As corny as this certainly sounds, if you've seen Pixar's "Wall-E" (and if you haven't, why the heck not?), can you think of any movie in any genre for the last 20 years or so that had more to say about the power of love?
Well, robot love, of course, but the story of Wall-E and Eve still just grabs you faster and keeps you fully attached longer than almost any love story that I can think of (some might mention "The Notebook," but for simple entertainment value and much more, "Wall-E" just blows that away.)
And at least as important as the robo-love is the love and adoration that director Andrew Stanton clearly has for great sci-fi, which he shows in almost every frame of "Wall-E." If even a sliver of the kids who managed to sit through the quieter stretches of "Wall-E" and later grows up to seek out the classics that inspired it - most clearly "Blade Runner" and "2001: A Space Odyssey," but also "Star Wars" - then mission accomplished.
Stanton's respect for "Blade Runner," in particular, is clear from the moment we see our hero roll on to the screen and into a trashscape that I guarantee - no matter how many times you've seen the Earth destroyed in apocalyptic fashion on the big screen - will look like nothing you've ever seen in movies before (and how many times nowadays can you really say that?)
And, even better, it's in this deliriously inventive opening third or so that Stanton makes the more subtle of his points about the numbing nature of our work-a-day routine. Even with the cute jokes about the amazingly fresh Twinkie and the spork, were there any adults out there who didn't just cringe a little when Wall-E comes home and immediately pops in a video tape, then struggles to put on his rollers the next morning before he's had that first jolt of coffee? (Or, in his case of course, sun.)
But as amazingly entertaining as this dialogue-free opening stretch is, it just gets more and more charming when Eve arrives on the scene to scan for signs of life in the barren wasteland. Just about equal credit for this rather ridiculous love story working so well goes to writer/director Stanton and robot voice specialist Ben Burtt.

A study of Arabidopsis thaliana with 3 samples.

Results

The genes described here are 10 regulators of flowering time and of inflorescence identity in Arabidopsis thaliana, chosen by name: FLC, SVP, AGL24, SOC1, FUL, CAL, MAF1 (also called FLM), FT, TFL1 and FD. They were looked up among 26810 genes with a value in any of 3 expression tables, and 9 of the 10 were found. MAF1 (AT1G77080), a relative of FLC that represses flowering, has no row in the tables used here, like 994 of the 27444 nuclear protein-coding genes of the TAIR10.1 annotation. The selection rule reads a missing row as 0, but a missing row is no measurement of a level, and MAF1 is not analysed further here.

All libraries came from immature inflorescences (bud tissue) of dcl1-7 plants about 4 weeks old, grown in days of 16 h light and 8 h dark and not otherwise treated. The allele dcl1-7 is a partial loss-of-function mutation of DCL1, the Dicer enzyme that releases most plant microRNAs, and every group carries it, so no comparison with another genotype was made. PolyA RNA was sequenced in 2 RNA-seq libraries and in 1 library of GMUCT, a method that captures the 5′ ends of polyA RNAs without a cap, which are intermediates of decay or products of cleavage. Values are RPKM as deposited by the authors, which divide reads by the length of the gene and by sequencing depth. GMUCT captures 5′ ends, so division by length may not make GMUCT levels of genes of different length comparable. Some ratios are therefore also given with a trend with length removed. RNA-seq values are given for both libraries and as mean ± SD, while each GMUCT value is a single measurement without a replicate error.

Kudos to Stanton for making Eve at least as likable as Wall-E (yes, I realize she's tempermental, more than a little crazy and even more insecure, but I guess that's just my type.) But Burtt - who not only voiced Wall-E but also conceived all the robot sounds (Elissa Knight provides the voice of Eve) - manages to eke more emotion out of the two simple words "Ev-a" and "Wall-E" than comes from the entire script of most of the much-lesser fare that clutters our multiplexes. (And, luckily I was seated near the front with no-one next to me, so nobody was too disturbed when I couldn't help mimicking them out loud more than few times; no, I don't think I'll ever completely grow up.)
The enchanting story of Eve and Wall-E is more than enough to sustain the flick as it gets more conventional and less subtle aboard the Axiom where the Earthlings live out their days in extreme comfort. This is where the flick lost me for a few moments before Eve and Wall-E made their simply blissful pas-de-deux through space and brought the movie back to life.
I know I've talked an awful about only the first third or so of the movie, but as with the entire "Lord of the Rings" - which I still think was at its best in the opening sequence in the Shire - that was definitely the best part. But there's more than enough to love about "Wall-E" to keep it going through and beyond the magical moment when Wall-E emerges from the trash compactor ("Star Wars" again, but it still works tremendously well) and make it easily among Pixar's best flicks to date.
Not as good as "Ratatouille" in my mind, but that's just because I put that movie on a pedestal all by itself. The bottom line: Just go see "Wall-E" and get ready to fall hard for the little robot with a huge heart.